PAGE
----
Despite the fact that we are more interconnected than ever, U.S. rates of loneliness have doubled over the last 50 years. Given the loneliness that is pervasive through all age groups, it’s probably not a surprise that the senior population is especially affected by this epidemic.

Why Are Seniors Lonely?

With age comes changes in life that can contribute to loneliness. For one, as the years go by, the social circle begins to shrink as friends and family members move away or pass on. Mobility also becomes more of an issue, so even the loved ones who remain in close proximity can be difficult to see. In addition, as vision and hearing become worse, communication can become more of a struggle, and overtime, it can feel like it makes more sense to keep to themselves.

Not only that, seniors often feel embarrassed or ashamed of their signs of aging and new medical conditions, which may come with symptoms that leave them feeling self-conscious, such as incontinence. Seniors can also feel isolated from their families, as there is less emphasis on extended family relationships in our current culture, such as grandparent/grandchild. These factors can make it difficult for them to spend time with the people they do have relationships with, leading to a decline in the connection they feel to others.

Why Is Loneliness a Problem?

Loneliness has a real toll on both mental and physical health. One University of California, San Francisco (UCSF) study found that the risk of death increased 45 percent for individuals over 60 who reported feeling lonely. The risk of mental and physical decline are also 59 percent higher among those who are isolated when compared those who have social outlets.

It’s believed that loneliness has a similar effect on the body that stress does. It’s likely that loneliness elevates levels of cortisol in the body, which then impairs immune responses, leading to inflammation, mental illness, and other conditions such as diabetes. Loneliness may even have an impact on Alzheimer’s disease, as one study from the Journal of the American Medical Association Psychiatry found a correlation between loneliness and the development of preclinical brain biomarkers of the disease.

Finally, research from the University of Chicago revealed that loneliness may be contagious. This is because lonely people tend to behave in ways that push people away, which in turn, makes the people who interact with them feel more isolated and lonely themselves. This means that loneliness isn’t something that simply affects one individual — it can spread to the whole family.

How Can We Help Seniors Be Less Lonely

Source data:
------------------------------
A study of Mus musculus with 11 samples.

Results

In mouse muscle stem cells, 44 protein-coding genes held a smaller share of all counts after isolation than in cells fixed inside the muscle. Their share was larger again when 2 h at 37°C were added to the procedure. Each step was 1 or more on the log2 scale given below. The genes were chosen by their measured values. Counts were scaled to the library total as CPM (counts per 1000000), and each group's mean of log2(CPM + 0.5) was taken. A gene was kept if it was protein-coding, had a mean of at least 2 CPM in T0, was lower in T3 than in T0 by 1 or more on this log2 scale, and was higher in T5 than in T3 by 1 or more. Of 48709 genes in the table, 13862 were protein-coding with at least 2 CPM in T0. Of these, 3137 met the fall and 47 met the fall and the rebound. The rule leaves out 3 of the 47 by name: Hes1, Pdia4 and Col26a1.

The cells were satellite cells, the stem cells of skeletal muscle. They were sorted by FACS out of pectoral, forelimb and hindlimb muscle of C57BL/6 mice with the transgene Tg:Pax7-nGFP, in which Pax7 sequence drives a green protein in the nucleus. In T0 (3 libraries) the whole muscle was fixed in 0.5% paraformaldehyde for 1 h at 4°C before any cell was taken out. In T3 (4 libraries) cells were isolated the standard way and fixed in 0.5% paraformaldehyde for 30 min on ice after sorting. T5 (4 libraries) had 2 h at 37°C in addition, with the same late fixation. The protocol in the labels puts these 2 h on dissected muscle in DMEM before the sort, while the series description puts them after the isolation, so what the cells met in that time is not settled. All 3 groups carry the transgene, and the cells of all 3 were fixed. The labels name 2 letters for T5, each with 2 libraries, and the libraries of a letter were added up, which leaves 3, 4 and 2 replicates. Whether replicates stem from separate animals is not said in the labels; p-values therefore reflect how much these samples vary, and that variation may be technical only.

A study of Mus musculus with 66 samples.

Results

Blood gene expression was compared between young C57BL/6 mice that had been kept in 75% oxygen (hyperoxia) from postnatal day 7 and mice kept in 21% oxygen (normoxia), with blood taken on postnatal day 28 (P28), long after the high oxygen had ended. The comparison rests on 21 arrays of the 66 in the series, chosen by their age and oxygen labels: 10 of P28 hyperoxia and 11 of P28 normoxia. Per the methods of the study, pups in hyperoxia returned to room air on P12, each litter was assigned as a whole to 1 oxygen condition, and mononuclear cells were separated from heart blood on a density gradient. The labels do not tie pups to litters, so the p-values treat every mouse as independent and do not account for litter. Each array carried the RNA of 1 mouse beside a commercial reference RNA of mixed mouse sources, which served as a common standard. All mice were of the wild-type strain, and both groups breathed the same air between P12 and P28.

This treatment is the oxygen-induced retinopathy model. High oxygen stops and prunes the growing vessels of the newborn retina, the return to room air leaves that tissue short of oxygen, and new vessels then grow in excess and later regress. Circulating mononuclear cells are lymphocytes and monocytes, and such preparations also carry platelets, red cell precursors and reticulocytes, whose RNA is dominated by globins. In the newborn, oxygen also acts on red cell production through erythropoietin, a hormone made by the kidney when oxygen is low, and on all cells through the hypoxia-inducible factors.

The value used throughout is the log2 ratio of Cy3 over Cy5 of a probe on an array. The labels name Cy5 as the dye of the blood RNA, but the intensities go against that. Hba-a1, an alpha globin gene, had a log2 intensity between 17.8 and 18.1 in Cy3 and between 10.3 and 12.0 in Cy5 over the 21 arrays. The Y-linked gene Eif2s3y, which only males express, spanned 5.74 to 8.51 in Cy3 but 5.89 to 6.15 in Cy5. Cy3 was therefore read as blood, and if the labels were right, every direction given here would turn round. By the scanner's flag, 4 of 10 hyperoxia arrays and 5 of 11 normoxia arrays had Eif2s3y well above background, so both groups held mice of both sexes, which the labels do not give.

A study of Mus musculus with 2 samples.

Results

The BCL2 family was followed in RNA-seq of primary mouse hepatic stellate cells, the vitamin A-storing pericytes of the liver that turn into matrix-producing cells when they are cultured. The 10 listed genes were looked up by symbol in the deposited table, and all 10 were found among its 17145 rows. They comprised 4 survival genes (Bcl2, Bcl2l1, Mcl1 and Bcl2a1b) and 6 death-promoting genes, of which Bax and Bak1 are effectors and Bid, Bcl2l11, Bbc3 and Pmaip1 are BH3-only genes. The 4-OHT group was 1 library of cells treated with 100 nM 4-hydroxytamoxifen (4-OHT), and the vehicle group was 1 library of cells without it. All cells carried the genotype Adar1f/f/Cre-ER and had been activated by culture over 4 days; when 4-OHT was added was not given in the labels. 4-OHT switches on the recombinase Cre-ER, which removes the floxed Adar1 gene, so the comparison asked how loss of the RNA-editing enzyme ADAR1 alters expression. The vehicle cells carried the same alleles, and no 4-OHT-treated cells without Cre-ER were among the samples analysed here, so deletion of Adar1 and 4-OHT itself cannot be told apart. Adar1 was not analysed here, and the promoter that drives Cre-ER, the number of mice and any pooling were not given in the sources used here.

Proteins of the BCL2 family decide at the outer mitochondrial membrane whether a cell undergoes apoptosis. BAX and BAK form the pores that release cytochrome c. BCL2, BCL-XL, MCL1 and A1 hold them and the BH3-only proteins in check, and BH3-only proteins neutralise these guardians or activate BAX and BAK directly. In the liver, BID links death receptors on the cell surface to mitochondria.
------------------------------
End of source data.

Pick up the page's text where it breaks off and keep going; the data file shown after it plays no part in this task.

While loneliness is a pervasive problem, that doesn’t mean that there aren’t solutions. Fighting loneliness among the elderly starts with caregivers, and is relatively easy to accomplish. Here are some ways you can help your senior loved one feel more connected:

  • Actively listen. The fast pace of our society means that people rarely slow down to truly listen to each other. One of the kindest things you can do for lonely seniors is to actively listen to what they have to say. Ask them questions, encourage them to express themselves, and help them rediscover their interests and passions. Many seniors may no longer be able or interested in their old hobbies, so try finding ways for them to participate in them again, or find new pastimes to enjoy, preferably with others.
  • Use that passion to fight seclusion. Once you have identified a passion for your elderly loved one, you have a doorway to helping them connect with others. For example, if you have found that your loved one enjoys singing, start by singing with them. Then, you can encourage them to join a choir.
  • Learn from them. One of the most empowering things for seniors is the opportunity to pass along their wisdom. Allow them to teach you something. For example, if your mother is an avid knitter, let her teach you how to knit. Not only is this a great bonding experience, it also lets your senior parent feel empowered, which may have become more difficult once your caregiving relationship began.
  • Reach out. You don’t have to spend every day with your senior loved one to make them feel connected to you. Something as simple as a 30-minute phone call or making them a meal once a week can be just the lifeline they need.
  • Consider home healthcare. You can’t care for your senior loved one all day every day. That doesn’t mean that you can’t provide them a high level of care, however. At Evergreen Home Healthcare, we are happy to help your elderly loved one combat loneliness with our attentive, compassionate home healthcare workers. If you believe that they may benefit from home healthcare in Fort Collins, contact us.